I'll take that to go: Big data bags and minimal identifiers for exchange of large, complex datasets
- 1. The University of Chicago and Argonne National Laboratory, Chicago IL, USA
- 2. University of Southern California, Los Angeles, CA, USA
- 3. Institute for Systems Biology, Seattle, WA, USA
- 4. The University of Manchester, Manchester, UK
- 5. The University of Michigan, Ann Arbor, MI, USA
- 1. The University of Chicago
Big data workflows often require the assembly and exchange of complex, multi-element datasets. For example, in biomedical applications, the input to an analytic pipeline can be a dataset consisting thousands of images and genome sequences assembled from diverse repositories, requiring a description of the contents of the dataset in a concise and unambiguous form. Typical approaches to creating datasets for big data workflows assume that all data reside in a single location, requiring costly data marshaling and permitting errors of omission and commission because dataset members are not explicitly specified.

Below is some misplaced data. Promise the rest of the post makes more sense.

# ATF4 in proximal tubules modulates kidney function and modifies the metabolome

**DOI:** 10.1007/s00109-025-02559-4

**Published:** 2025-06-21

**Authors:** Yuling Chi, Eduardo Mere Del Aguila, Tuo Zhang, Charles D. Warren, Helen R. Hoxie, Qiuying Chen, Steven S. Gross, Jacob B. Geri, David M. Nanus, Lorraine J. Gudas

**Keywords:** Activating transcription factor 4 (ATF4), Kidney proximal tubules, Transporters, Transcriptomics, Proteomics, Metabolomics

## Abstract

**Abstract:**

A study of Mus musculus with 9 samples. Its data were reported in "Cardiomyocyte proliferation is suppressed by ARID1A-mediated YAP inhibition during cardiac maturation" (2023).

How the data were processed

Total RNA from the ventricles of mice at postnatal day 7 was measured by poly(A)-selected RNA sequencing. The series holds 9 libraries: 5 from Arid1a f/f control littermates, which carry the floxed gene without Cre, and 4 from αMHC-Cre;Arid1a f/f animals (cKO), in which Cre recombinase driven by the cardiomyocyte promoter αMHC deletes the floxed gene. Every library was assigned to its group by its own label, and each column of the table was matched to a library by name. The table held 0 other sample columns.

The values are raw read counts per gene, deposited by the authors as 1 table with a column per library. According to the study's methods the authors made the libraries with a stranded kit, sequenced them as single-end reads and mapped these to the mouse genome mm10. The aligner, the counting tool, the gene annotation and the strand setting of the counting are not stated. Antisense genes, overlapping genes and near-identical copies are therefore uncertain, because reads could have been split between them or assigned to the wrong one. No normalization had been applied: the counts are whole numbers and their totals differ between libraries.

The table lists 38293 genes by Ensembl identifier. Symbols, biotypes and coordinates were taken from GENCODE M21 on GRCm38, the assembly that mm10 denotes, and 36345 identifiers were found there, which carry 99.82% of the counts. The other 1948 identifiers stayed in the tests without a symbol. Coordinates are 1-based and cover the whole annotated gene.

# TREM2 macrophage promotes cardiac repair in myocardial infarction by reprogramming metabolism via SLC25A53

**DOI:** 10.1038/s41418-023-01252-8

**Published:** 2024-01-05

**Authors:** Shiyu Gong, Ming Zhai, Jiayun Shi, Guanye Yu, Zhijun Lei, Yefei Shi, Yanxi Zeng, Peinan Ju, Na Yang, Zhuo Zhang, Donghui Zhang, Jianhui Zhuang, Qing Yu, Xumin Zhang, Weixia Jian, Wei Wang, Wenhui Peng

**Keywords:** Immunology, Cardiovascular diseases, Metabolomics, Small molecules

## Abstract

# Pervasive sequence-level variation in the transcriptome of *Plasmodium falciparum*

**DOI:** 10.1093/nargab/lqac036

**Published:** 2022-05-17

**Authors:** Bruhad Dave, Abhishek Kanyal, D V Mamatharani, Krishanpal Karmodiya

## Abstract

We address these issues by proposing simple methods and tools for assembling, sharing, and analyzing large and complex datasets that scientists can easily integrate into their daily workflows. These tools combine a simple and robust method for describing data collections (BDBags), data descriptions (Research Objects), and simple persistent identifiers (Minids) to create a powerful ecosystem of tools and services for big data analysis and sharing.
We present these tools and use biomedical case studies to illustrate their use for the rapid assembly, sharing, and analysis of large datasets.